Oil and Gas Industry Donation
Funds Scholarships, More
The University of Pittsburgh at Bradford’s Petroleum Technology program has received $13,500 from an annual Oil and Gas Industry charity auction that has purchased equipment and given scholarships to students to help pay for books and supplies.
Each full-time student in the program will receive $250 and each part-time student $125.
Dr. Livingston Alexander, university president, said the donation represented a vote of support for the reinstatement of the petroleum technology degree program two years ago.
“In re-establishing the program we hoped to secure the support, endorsement and good will of representatives of the oil and gas industry. This generous gift is a clear indication that our friends in the industry support what we are attempting to do.
“We are deeply grateful to the local Oil and Gas Industry for its generous support of students enrolled in the program and for making it possible for us to secure vital equipment.”
Dr. Assad Panah, director of the petroleum technology program and professor of geology, said two desktop computers and a Trimble handheld computer designed for field data collection, were purchased with the donation. The program was also able to purchase a ProScope HR, the world’s first handheld digital microscope, which can let students see samples in the field at magnifications of 30 to 100 times.
“The ProScopes,” Panah said, “will be used in the laboratory for field sample analyses and reservoir rock characterization.”
The donation also funded the purchase of 12 pocket stereoscopes for interpreting enhanced aerial photos that appear three dimensional and high-powered hand magnifying lenses and surveying tools to collect geologic field data and measure rock layers.
“Students will be better prepared for careers in the petroleum industry from experience with this equipment,” Panah said.
The annual event was co-chaired by Betsy Aiello of Aiello Brothers Oil & Gas and Renee Snyder of Snyder Brothers Oil & Gas, with assistance from Lisa Pecora of Rattler Well Services.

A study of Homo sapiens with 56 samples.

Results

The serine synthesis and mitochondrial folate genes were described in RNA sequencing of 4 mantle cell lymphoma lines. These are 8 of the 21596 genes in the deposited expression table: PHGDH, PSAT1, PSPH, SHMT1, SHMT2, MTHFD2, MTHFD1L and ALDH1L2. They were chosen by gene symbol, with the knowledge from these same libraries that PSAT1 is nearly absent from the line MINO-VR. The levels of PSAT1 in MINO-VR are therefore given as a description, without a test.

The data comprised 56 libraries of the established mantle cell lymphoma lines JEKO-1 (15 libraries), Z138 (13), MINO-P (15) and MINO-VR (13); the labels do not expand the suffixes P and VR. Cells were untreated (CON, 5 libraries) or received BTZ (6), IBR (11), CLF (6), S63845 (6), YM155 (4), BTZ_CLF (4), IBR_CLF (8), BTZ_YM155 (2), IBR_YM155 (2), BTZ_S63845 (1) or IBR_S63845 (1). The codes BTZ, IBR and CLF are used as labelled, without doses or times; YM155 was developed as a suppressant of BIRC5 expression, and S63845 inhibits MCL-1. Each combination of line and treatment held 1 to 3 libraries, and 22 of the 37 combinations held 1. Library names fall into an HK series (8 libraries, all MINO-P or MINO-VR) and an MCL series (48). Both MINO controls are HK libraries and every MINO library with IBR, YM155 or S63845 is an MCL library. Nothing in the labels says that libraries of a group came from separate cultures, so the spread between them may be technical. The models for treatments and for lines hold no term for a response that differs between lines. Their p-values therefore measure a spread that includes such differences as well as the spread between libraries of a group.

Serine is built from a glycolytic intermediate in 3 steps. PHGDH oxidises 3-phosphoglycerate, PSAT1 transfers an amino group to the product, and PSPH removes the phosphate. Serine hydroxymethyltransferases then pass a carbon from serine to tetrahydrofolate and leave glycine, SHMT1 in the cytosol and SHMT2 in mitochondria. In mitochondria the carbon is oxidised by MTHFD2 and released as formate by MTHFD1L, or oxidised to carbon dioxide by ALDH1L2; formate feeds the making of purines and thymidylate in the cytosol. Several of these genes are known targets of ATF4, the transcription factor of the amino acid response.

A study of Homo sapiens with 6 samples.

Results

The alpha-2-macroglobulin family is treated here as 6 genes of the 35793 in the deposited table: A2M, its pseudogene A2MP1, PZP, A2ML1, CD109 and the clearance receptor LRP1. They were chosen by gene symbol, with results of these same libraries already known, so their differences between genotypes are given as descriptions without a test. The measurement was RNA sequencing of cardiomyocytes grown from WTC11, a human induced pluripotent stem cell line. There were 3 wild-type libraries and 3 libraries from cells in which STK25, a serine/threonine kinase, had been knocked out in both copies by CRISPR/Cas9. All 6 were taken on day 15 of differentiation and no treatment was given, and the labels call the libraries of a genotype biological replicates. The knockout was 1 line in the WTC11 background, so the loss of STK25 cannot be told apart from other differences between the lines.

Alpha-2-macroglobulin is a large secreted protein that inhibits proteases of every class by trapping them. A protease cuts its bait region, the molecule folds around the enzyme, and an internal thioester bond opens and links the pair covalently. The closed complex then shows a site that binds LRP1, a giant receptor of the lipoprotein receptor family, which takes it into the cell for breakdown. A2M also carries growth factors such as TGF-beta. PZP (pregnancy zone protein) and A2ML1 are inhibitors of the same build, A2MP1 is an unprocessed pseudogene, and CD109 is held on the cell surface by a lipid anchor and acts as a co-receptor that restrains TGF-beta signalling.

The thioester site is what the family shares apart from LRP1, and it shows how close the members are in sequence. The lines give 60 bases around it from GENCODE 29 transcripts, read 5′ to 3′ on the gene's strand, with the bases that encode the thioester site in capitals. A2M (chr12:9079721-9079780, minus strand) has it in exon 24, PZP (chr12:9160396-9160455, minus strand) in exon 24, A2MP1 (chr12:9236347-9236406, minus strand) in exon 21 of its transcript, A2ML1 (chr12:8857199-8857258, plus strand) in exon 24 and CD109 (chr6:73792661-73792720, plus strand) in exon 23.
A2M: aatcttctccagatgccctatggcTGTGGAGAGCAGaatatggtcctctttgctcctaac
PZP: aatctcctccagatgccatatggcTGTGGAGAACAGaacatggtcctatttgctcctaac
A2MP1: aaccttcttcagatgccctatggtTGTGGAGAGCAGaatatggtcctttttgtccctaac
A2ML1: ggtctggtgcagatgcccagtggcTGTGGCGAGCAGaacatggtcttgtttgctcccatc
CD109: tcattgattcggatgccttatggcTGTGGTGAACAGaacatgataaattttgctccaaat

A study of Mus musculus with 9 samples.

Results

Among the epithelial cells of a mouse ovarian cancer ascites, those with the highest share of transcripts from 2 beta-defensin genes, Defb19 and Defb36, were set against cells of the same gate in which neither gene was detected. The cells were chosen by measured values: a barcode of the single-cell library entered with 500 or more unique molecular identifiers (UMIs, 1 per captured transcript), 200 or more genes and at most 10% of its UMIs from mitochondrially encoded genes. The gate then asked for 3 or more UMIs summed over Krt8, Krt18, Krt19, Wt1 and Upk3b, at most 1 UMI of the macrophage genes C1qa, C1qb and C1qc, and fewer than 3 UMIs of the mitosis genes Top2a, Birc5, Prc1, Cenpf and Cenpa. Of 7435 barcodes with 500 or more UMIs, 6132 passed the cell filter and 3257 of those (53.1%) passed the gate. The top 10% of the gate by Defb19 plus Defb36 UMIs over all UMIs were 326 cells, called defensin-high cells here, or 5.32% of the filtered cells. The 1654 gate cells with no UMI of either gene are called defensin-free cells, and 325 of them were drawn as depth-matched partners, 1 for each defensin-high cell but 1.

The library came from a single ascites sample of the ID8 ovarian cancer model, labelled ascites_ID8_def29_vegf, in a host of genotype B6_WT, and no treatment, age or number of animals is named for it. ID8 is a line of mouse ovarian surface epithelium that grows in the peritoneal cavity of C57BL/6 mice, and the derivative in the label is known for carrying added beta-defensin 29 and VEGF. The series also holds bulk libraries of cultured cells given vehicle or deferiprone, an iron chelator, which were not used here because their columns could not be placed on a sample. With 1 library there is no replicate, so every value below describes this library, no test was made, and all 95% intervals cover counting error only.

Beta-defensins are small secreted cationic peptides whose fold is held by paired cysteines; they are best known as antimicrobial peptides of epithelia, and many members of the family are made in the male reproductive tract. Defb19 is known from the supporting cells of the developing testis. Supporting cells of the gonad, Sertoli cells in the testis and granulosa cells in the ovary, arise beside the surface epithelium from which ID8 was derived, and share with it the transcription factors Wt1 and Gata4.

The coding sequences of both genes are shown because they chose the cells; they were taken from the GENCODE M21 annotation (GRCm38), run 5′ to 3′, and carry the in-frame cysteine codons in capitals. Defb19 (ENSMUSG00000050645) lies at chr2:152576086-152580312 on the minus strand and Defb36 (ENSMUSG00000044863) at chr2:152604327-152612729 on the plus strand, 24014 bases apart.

Pecora explained that the auction “started three years ago to bring together all facets of the oil and gas industry for an evening of celebration while giving back to community charities. We are thrilled to support the university’s petroleum technology program this year. Our industry counts on good quality education in the various aspects of the oil- and gas-related businesses in Bradford and hopes the funds donated provide equipment to keep the program current. We want the scholarships to assist students in the program as they continue their petroleum related education.”
Timothy Lyon, sales engineer for Schlumberger and adjunct professor in the program, agreed. “Choosing Pitt-Bradford’s petroleum technology program as the benefactor from this year’s event underscores the industry’s desire for local high school graduates to continue their education in science with the two-year associate degree program in petroleum technology, “ he said. “This offers a promising opportunity for gainful employment and advancement, which is most attractive, especially as the country faces an economic recession.”
The curriculum includes classes in geology, drilling, petroleum and natural gas chemistry, gathering and transportation, well log interpretation, geophysical prospecting, as well as classes addressing environmental and safety aspects of the industry.
In the photo, provided by Pitt-Bradford, from left, Dr. Assad Panah, University of Pittsburgh at Bradford professor of geology, shows new equipment to Douglas E. Kuntz, president and CEO of Pennsylvania General Energy Co., LLC, Tim Lyon, sales engineer for Schlumberger, and Dr. Livingston Alexander, president of Pitt-Bradford. A donation from a Oil and Gas Industry charity auction earlier this year purchased equipment for Pitt-Bradford’s petroleum technology program and provided scholarships for students in the program.